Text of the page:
For a long time, GateD was the prevalent routing engine of the research community and Internet test beds under the custody of the Merit GateD Consortium (http://www.gated.org).
It was first used to connect the original NFSNET and the emerging regional networks. At that point in time, the source code was basically free. Later, the Merit GateD Consortium changed the licensing and finally handed it over to NextHop. Over time, NextHop Technologies continued the development of the code base and made the product commercially available after adding significant improvements (http://www.nexthop.com). Unfortunately, NextHop removed all traces of the original Merit GateD Consortium 3.6 public release (GateD 3.6), including the manuals from the original http://www.gated.org repository, instead of maintaining the code as an open-research branch. In addition to the 3.6 public release, several 4.0.x development snapshots were made available to the public during the late days of the Consortium. This was alpha software with a lot of IPv6 and multicast stuff and did not compile on my test systems. Give it a try if you are a good and patient programmer. You can also find GateD 3.6.x binaries in most RPM Linux repositories. NextHop is in the business of selling source licenses to big companies such as Riverstone. Some of their customer's command-line interfaces (CLIs) still look a lot like GateD (a hierarchical and structured representation, as you will see) due to their heritage. The following list presents some useful details about the GateD 3.6 public software:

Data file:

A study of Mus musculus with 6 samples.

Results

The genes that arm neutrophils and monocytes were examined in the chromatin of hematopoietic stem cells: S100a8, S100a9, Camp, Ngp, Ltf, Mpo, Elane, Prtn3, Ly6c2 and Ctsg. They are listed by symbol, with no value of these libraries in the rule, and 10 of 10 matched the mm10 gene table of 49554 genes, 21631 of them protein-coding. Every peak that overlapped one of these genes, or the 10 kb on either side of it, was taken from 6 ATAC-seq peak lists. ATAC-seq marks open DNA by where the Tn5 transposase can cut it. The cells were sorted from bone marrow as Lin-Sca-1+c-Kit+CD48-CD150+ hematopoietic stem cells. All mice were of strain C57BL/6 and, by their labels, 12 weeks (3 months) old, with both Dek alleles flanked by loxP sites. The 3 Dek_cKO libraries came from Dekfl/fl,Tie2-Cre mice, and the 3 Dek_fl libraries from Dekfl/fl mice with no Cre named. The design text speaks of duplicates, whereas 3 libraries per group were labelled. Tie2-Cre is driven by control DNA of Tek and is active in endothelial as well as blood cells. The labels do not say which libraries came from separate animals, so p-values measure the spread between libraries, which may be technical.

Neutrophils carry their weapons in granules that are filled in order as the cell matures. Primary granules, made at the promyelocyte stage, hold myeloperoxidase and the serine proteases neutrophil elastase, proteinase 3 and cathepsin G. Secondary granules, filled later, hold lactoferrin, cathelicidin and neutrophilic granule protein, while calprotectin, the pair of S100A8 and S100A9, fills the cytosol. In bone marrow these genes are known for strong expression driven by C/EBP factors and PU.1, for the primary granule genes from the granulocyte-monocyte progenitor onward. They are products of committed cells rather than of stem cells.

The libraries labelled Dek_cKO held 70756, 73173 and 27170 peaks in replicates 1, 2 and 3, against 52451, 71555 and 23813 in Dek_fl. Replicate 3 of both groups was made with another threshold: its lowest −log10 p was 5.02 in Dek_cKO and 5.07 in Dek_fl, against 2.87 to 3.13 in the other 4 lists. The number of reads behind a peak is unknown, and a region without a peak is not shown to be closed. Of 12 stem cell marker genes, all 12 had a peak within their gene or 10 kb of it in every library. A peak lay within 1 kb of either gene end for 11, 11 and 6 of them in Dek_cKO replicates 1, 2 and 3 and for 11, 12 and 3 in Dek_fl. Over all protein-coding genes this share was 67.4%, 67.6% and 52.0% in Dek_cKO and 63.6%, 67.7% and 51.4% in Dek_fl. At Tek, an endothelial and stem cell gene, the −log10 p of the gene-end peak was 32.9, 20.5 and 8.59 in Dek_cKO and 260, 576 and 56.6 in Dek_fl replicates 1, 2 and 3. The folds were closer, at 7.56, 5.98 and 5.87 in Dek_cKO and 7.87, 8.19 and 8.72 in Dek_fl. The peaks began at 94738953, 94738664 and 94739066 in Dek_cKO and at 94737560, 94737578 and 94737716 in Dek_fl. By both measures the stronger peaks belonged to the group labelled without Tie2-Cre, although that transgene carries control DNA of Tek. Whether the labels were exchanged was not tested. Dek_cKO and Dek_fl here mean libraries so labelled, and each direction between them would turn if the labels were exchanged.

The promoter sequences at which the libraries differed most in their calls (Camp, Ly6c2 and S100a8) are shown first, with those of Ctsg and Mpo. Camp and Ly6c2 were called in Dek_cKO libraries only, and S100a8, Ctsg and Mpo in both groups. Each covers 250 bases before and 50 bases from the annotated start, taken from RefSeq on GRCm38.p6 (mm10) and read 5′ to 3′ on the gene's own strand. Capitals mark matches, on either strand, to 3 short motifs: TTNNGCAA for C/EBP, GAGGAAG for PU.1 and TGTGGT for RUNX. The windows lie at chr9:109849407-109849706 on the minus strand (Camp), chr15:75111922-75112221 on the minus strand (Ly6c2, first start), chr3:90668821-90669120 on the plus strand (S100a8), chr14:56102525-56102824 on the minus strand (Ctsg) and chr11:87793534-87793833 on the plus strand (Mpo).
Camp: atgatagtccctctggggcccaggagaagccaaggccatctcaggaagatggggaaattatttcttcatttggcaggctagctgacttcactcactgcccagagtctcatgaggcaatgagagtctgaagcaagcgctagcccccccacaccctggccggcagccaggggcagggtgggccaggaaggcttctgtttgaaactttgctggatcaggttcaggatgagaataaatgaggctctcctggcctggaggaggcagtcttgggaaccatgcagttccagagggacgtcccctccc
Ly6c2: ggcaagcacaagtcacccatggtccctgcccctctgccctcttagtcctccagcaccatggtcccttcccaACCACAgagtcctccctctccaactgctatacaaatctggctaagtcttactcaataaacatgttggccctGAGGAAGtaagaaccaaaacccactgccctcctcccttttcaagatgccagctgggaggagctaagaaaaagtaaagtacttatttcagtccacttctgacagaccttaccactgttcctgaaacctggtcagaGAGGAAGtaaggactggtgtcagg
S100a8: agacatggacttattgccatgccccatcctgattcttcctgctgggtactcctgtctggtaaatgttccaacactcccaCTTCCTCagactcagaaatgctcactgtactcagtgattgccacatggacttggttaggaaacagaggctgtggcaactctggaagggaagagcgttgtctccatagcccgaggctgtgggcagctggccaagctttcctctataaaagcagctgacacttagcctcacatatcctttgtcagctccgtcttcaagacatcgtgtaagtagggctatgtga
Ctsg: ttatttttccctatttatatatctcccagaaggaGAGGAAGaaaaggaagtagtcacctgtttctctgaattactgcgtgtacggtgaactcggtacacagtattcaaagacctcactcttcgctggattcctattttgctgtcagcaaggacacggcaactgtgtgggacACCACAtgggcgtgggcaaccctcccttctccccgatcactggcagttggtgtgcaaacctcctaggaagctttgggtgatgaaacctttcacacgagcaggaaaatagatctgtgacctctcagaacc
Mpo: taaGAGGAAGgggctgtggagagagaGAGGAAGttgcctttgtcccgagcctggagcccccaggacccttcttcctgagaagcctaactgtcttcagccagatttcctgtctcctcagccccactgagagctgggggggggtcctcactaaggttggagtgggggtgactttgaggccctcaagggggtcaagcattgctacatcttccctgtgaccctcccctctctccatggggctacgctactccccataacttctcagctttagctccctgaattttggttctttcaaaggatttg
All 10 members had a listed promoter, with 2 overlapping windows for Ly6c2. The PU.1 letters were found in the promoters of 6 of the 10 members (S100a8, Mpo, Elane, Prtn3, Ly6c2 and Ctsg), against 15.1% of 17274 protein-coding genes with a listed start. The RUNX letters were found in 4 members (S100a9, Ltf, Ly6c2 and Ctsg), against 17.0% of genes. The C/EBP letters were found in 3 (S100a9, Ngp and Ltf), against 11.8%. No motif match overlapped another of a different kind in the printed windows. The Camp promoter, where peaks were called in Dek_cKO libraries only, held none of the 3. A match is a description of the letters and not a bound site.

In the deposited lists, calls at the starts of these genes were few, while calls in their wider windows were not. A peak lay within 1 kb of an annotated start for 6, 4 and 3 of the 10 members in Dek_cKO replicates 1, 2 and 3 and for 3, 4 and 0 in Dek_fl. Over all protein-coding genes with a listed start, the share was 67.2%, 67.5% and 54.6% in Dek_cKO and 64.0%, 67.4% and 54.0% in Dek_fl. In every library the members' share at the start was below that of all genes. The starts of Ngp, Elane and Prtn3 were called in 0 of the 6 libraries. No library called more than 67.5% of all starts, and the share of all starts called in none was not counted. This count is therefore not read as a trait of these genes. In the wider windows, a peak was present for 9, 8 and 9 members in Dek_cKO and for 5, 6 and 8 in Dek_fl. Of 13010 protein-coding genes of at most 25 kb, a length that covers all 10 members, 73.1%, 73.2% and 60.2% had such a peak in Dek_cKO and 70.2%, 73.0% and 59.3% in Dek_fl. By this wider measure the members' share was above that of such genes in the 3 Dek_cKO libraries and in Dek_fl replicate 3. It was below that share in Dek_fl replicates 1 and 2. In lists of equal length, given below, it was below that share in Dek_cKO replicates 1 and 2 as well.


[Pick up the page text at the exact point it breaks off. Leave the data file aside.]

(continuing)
Version? GateD 3.6, Merit GateD Consortium public release, 1999.
Architecture? Modular routing engine, single daemon.
Resources? "Homeless and abandoned." Ask your favourite search engine for GateD 3.6 and retrieve gated-3-6.tar.gz together with the original postscript manual. Some documentation mirrors are still up as well. Due to unclear licensing, I cannot provide these at my repository.
The GateD public release supports RIPv1/v2, EGP, OSPFv2, BGP4, and RDP. There exists a great deal of inaccuracy as to which protocols the public version supports. Its syntax is structured and differs conceptually from what engineers are used to in Cisco IOS Software (several sections and layers of parentheses).
The following installation steps are rather straightforward, but they might assist those of you who are unfamiliar with UNIX installation procedures:
gated relies on services of the UNIX kernel for the TCP/IP stack. These services include the following:
IP forwarding enabled.
Setting of UDP checksum for RIP on BSD (sysctl net.inet.udp.checksum = 1).
Optional SNMP support (via snmpd/smux).
Interfaces with the kernel to query interface status, routes, and timers.
Multicast support (for OSPFv2 and RIPv2).
On Linux, gated uses the netlink interface. Activate the kernel/user netlink socket under Network Options in the kernel configuration.
SIGINT causes the current state of all gated tasks, timers, protocols, and tables to be written to /usr/tmp/gated_dump or /var/tmp/gated_dump. GateD comes with several accompanying tools such as ospf_monitor, ripquery, and the gdc user interface.
GateD 3.6 is a stable, scalable, and mature system but is no longer maintained. Nevertheless, it is suitable for production deployment, keeping in mind its current state of evolution and feature sets. It has proven its value as an Internet routing platform, especially for BGP, during years of stable operation. If you are looking for state-of-the-art supported code, talk to the folks at NextHop Technologies. Zebra/Quagga and GateD 3.6 are the routing packages used most frequently throughout this book. From now on, GateD will be used as an abbreviation for the "public GateD 3.6 research release."